In it, but not of it. TPM DC

Before Donald Trump was dominating sitting governors and U.S. senators in the polls, the top GOP presidential contender was facing off with an adversary of a different sort: Vince McMahon, the CEO of World Wrestling Entertainment.

In 2007, the two moguls staged a pay-per-view standoff known as the “Battle of the Billionaires." Akin to how 2016 candidates use surrogates to hash it out on cable news, Trump and McMahon used proxy wrestlers -- Trump, the Bobby Lashley; McMahon, the Umaga -- to settle their “beef.” Their wager? The loser would have his head shaved. If only the stakes of the 2016 debates were so high.


The evangelical college in Illinois told its students last week that it would be ending the health insurance plans it had been offering them due to its case against Obama administration, the Chicago Tribune reported.

The school terminated its plan not due to the fact that it was being forced to pay for contraceptive coverage -- it is not -- but that it is in a legal battle over whether it should even have to notify the government that it is seeking a religious exemption to providing contraceptive coverage. The current policy for religious non-profits gives them an exemption, at which point the government directs insurers to provide birth control coverage through a separate policy not paid for by the non-profit.

Wheaton contends that even the act of notifying the government of its religious opposition to birth control coverage makes it complicit in providing birth control. A federal appeals court has rejected Wheaton's contention, so rather than comply with the requirement that it notify the feds, Wheaton is ending all health coverage for students.


It's an awkward position for the Trump campaign to be in, but perhaps one that was unavoidable considering the billionaire has given vocal, and at times inconsistent, opinions about sexual assault. Trump has been something of an opportunist when it comes to that subject: he advocated for the death penalty for the alleged attackers in the Central Park jogger case, for example, but campaigned for no prison time in his acquaintance Mike Tyson's rape case.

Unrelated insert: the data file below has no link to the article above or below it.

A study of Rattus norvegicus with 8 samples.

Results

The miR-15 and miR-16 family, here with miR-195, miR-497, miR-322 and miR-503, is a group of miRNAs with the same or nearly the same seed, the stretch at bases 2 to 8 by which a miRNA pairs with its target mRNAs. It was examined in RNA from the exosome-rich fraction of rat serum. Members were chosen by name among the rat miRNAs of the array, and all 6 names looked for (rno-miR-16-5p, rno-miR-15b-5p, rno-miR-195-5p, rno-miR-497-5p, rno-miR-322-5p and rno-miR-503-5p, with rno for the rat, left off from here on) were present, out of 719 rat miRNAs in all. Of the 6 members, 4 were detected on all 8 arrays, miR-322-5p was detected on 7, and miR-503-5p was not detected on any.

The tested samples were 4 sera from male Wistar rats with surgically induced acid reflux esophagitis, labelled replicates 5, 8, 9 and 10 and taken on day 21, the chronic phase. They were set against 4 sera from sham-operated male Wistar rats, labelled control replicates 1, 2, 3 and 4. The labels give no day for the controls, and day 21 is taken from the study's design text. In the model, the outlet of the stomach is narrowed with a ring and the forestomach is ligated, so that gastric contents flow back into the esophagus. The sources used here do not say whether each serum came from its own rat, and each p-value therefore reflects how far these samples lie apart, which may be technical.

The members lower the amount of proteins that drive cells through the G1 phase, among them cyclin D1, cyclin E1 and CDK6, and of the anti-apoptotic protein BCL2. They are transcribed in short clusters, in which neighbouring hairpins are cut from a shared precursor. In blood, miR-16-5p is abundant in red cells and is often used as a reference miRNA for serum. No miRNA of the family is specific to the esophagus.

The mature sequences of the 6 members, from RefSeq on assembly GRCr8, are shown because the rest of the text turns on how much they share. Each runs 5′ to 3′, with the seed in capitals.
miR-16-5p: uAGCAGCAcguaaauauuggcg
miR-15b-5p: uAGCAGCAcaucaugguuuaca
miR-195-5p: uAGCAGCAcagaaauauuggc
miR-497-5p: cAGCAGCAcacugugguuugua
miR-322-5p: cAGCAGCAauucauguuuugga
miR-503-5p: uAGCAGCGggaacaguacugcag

Here's a brief history of Trump's statements on sexual assault, including his reaction to former Rep. Todd Akin's infamous "legitimate rape" remark and his evolving responses to the allegations against comedian Bill Cosby.



Conservatives had already been looking into ways to undermine the Supreme Court’s authority ahead of its decision to legalize same-sex marriage. But when that decision, along with one upholding a provision in Obamacare, came down in late June, their frustrations reached a fever pitch.


His silence on the issue enraged conservative commentators and right-leaning political observers on two levels. On one hand, they blasted the mainstream media for conveniently glomming onto the latest Trump sound bite instead of substantively covering the sting videos. On the other hand, they suggested the real estate mogul was missing an opportunity to use his high profile to draw further attention to the Planned Parenthood controversy.


Now that the historic deal, which would lift international sanctions in return for new limits on the Iranian nuclear program, has been announced, Congress has the ability to weigh in on it under the legislation signed by the president in May.

Under the process outlined by the legislation, Obama will report the details of the negotiation to Congress, upon which a 60-day clock will start ticking for Congress to act. It can vote to approve the deal, vote to disapprove it, or simply do nothing. If it votes against the deal, it would have the legal effect of maintaing U.S. sanctions on Iran, which would effectively kill the deal.


Their plan was to strengthen their position in the budget standoff by passing a series of conservative spending bills to show that they could govern and to put negotiating pressure on Obama and Democrats in the budget process. But with the standoff over the Confederate flag, none of the spending bills are going anywhere immediately. That has created a roadblock with no clear way around it for Republicans, all due to the party's reluctance to abandon the flag entirely.